Today marks the five year anniversary of when the twins gave me the gift of being able to take a deep breath again. That’s right: eleven weeks of bed rest, four hospitalizations, a dozen “this is the day, I can feel it!” hospital bags packed and thrown into the trunk–and I finally had twelve pounds of healthy babies to show for it.
Twin moms: do you remember that moment during delivery when you could finally take in a deep breath again? Maybe it’s because I’d already successfully given birth before and so this wasn’t my first rodeo, but my fondest memory of my twins being born was the BREATHING. I could BREATHE. Granted I did breathe easier once I could hear them breathing/screaming in those first crucial moments–I’m not an animal–but those first deep breaths I took. Ahh. Nothing beats that.
My fraternal boy/girl twins couldn’t have been more different in the womb as they were out of it. In utero she was feisty and antsy and kicky. He was cool and mellow and tolerant of the kicking (into his head). Upon seeing the light of day, she was ticked off if she was awake and…well, she didn’t sleep so much, so I mostly remember her being ticked off. Her twin brother, on the other hand, was easy like Sunday morning. He could be held, not be held, fed first or fed last. Everything was cool with him.
Well, time flies. Things change. She’s so easy going, extroverted and social, and such a pleasure to be around that it kills me. He is so high-maintenance and such a momma’s boy that I don’t know how he’ll eventually survive eighth grade. But I have the good fortune to remember where they came from (literally–ew) and get to watch where they go. Even at just five years old, they amaze and thrill me everyday. It only makes them more endearing that they like the same music I like (Van Morrison. Also, Presidents of the United States of America. Okay, fine–and that first song that the Wonder Pets sing about how the phone is ringing. It’s got such a good beat and you can dance to it.)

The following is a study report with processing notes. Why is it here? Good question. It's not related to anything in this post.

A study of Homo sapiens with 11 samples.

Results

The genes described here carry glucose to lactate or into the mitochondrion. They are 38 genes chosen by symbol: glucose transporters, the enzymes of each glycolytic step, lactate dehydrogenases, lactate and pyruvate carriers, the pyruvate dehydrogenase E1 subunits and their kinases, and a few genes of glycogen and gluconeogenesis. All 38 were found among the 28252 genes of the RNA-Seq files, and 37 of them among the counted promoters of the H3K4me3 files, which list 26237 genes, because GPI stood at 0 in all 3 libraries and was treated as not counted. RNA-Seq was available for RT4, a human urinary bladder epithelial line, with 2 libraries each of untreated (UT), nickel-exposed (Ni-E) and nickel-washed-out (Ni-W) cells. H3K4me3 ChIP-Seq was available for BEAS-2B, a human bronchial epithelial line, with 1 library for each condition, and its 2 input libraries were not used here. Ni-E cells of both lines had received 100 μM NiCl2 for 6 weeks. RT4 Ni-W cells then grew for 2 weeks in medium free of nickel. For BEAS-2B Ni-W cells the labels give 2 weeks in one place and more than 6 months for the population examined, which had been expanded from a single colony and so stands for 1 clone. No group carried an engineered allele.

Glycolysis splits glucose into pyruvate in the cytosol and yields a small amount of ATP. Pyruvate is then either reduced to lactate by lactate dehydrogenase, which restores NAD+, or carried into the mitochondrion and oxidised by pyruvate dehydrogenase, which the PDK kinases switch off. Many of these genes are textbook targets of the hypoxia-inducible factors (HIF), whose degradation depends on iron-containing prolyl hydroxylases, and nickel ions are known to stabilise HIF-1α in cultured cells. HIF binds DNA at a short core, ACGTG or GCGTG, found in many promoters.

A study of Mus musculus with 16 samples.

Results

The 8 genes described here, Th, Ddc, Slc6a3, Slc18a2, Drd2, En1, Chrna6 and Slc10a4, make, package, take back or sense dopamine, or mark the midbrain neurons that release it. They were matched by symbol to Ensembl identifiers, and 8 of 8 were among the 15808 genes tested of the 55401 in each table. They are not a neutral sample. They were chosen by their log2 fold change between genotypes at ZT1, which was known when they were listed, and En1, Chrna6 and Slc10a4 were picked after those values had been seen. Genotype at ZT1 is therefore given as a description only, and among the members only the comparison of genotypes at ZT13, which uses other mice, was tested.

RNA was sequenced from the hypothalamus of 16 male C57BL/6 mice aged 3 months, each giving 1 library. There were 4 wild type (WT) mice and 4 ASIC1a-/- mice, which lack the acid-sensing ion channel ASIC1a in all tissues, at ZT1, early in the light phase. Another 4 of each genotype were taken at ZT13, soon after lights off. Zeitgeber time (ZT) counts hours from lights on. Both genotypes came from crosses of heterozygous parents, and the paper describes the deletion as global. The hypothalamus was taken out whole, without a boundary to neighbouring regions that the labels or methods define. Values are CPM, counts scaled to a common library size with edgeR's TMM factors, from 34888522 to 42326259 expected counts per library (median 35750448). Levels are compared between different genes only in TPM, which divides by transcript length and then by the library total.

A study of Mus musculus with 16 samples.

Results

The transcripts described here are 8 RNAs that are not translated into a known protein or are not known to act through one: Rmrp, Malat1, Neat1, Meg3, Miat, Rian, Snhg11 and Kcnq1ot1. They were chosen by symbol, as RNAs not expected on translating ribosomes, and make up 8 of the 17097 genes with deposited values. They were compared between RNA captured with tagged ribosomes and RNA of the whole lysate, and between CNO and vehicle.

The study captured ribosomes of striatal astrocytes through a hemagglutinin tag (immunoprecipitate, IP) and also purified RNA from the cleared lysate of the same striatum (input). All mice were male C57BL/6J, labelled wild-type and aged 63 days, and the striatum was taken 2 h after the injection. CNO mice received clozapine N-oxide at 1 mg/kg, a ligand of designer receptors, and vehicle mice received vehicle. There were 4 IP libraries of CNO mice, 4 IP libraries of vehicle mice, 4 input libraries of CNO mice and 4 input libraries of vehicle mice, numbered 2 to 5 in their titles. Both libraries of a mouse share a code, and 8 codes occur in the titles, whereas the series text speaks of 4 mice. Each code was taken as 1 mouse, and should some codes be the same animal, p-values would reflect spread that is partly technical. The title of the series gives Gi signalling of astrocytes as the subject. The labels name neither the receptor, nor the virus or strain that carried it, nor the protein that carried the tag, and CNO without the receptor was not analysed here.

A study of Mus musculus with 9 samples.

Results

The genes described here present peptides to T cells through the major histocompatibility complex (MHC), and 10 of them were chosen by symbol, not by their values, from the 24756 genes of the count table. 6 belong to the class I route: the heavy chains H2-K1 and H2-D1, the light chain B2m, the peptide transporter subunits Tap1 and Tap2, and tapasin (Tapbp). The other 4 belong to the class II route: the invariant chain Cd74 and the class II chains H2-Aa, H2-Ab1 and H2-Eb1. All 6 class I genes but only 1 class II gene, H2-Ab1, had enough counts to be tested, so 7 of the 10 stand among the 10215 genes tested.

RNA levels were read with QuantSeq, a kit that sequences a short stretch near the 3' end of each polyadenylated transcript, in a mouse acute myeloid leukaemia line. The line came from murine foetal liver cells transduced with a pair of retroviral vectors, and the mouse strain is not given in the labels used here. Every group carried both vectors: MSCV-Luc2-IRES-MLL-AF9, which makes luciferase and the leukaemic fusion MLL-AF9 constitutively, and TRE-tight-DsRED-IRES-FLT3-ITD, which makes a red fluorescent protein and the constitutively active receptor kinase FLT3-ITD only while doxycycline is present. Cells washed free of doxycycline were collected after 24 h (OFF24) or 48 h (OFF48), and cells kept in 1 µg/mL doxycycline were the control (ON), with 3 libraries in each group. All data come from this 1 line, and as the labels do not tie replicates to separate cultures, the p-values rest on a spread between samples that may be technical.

Here’s a very timely and convenient example of the dichotomy between the two of them: Lauren got a bath toy in her birthday gift bag today. The first thing she asked to do was to take a bath with it “so they could both get all clean together”. Of course in this case, “both” meant her and the bath toy (just to avoid any confusion, she was not suggesting she bathe with her brother). And she took an hour long bath with her mermaid playground, giggling and spraying and splashing and pretending.
Her twin brother got a Star Wars blaster. I’m not necessarily for giving pretend guns to five year olds, but he’s obsessed with Star Wars and has wanted a blaster for almost a year. He was thrilled to open it, but come nap time he also wanted to sleep with it in his bed. When he asked to get up from his nap too early, the conversation went like this:
Me: Did you even nap at all, this whole time?
Him: I slept with my eyes open.
Me: You can’t sleep with your eyes open. You need to close your eyes in order to sleep.
Him: But if I close my eyes, I can’t see my blaster.
In any case, my husband and I have still somehow kept these two alive for another year–does anyone else still feel like the nurses should be a little more critical when they discharge new babies home to new parents? When we celebrate another year with the kids I always send virtual fistbumps to those nurses who were so smart but so dumb to send such little human beings home with such stupid human beings like us. If nothing else, I’d like them to know that we never left our babies in their car seats on the roof of our vehicle and drove off without realizing, because I bet that’s EXACTLY how scatterbrained the new parents of twins come off as to those OB nurses. They do their best to teach us for those one or two or three days while they have us, but then send us off into the world without a user manual and assume we’ll figure the rest out. Yeah, thanks for that.
We haven’t figured it all out yet, but as the years fly by and we have the pleasure of watching our twins blossom into such wonderful people despite having parents who don’t know what we’re doing, I have one thing to say: We got this.